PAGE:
Source of book image: http://si.wsj.net/public/resources/images/OB-RQ412_bkrvme_DV_20120202132402.jpg
Eric Topol has bucked the medical establishment before. In entries on August 20, 2006 and on December 26, 2006 on this blog, he was quoted as arguing that stents were being overused. Now he argues that the medical establishment is slowing progress that could reduce disability and extend life. He advocates the sequencing of each of our genomes and a medical revolution that will fine-tune treatment to our genomic differences.
Many agree with Topol’s view of the future of medicine, but many medical schools are neglecting teaching future doctors about the therapeutic implications of individual genomics.
Topol calls for the creative destruction of medical education and other medical institutions.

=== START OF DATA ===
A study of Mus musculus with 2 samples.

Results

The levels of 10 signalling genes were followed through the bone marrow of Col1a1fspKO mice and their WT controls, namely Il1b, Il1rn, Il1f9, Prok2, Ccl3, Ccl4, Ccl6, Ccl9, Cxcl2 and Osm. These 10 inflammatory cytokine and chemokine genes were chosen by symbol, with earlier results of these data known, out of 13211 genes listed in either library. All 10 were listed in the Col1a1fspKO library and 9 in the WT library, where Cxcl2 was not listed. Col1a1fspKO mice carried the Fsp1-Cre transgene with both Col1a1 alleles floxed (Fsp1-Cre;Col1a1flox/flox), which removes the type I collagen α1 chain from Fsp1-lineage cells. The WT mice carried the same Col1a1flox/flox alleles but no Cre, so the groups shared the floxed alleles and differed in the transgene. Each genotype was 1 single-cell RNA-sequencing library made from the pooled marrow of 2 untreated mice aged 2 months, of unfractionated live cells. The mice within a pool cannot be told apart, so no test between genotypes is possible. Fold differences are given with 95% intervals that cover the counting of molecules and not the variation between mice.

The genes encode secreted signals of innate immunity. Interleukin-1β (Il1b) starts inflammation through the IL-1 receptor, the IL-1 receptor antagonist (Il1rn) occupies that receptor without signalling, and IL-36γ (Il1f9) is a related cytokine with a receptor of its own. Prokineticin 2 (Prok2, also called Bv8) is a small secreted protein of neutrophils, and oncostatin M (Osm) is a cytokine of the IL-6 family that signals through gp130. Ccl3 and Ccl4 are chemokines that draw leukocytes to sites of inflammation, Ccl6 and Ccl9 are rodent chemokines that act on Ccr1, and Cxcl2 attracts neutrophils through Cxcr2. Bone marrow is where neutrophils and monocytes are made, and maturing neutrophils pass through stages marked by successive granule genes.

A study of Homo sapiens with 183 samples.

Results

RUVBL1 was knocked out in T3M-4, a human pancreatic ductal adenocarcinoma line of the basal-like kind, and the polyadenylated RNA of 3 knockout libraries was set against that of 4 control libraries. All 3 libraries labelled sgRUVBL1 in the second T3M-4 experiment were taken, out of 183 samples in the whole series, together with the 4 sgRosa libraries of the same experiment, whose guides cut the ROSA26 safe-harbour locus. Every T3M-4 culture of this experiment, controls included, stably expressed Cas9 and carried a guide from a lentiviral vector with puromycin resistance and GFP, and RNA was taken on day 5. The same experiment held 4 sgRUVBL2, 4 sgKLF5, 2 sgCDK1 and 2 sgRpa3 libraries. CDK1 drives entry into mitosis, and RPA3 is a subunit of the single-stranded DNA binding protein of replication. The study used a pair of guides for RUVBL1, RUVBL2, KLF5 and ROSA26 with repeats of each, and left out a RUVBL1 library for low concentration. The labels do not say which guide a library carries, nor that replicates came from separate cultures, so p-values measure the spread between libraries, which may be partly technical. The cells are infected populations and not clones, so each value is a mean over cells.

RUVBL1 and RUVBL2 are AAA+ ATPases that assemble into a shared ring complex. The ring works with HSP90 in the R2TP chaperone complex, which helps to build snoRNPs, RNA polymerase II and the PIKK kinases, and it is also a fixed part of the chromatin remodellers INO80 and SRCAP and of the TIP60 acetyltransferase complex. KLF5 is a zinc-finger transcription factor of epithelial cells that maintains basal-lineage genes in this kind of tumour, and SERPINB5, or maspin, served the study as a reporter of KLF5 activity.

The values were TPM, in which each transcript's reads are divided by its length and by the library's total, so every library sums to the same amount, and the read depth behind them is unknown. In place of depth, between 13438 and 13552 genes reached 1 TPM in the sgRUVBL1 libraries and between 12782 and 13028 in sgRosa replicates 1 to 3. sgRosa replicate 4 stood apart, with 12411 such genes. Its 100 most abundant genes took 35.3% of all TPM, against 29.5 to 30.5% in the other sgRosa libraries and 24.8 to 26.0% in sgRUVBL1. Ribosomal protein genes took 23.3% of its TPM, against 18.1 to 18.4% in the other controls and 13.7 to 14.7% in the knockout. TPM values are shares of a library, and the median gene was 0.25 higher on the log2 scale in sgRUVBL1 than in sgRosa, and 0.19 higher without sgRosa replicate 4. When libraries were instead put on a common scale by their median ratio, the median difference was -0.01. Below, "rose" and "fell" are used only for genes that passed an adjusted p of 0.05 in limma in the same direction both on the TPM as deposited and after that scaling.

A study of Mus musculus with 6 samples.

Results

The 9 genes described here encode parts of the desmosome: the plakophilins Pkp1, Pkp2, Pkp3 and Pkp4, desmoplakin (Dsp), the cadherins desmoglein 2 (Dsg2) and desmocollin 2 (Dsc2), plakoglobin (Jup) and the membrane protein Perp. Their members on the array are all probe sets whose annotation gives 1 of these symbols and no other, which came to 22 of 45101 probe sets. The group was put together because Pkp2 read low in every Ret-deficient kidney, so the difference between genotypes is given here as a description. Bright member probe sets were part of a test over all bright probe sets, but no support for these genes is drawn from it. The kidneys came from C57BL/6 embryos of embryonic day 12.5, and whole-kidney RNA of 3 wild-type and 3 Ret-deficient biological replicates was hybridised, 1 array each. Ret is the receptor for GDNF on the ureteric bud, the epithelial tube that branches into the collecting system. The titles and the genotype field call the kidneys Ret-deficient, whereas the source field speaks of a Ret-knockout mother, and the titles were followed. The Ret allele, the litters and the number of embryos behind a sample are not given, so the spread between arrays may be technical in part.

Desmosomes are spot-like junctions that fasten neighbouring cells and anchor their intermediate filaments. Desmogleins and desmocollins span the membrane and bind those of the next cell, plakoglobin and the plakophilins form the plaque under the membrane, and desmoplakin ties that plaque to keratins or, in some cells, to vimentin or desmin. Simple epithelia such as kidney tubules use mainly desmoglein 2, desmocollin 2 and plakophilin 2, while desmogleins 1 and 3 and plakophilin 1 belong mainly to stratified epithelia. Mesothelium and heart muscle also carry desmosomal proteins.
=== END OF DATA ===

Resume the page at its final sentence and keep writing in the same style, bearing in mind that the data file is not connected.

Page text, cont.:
The early part of the book is weak because it discusses subjects on which Topol is not an expert—such as the history and applications of information technology. In these sections, he too often tediously explains the obvious and widely known. Sometimes in this section of the book, he is just wrong, as when (p. 14) he claims that Werner Sombart originated “creative destruction.”
After the early chapters the book comes into its own when Topol discusses medical advances and challenges. While his early prose may be aimed too low, his later prose may be aimed too high—but it is better to be talked up to than down to, and the best of the later chapters contain some fascinating descriptions of what is happening on the frontiers of medicine, and what could be happening if we change policies and institutions to make medicine more open to creative destruction.
In the following few weeks, I will be quoting several of the more important or thought-provoking passages.
Topol, Eric. The Creative Destruction of Medicine: How the Digital Revolution Will Create Better Health Care. New York: Basic Books, 2012.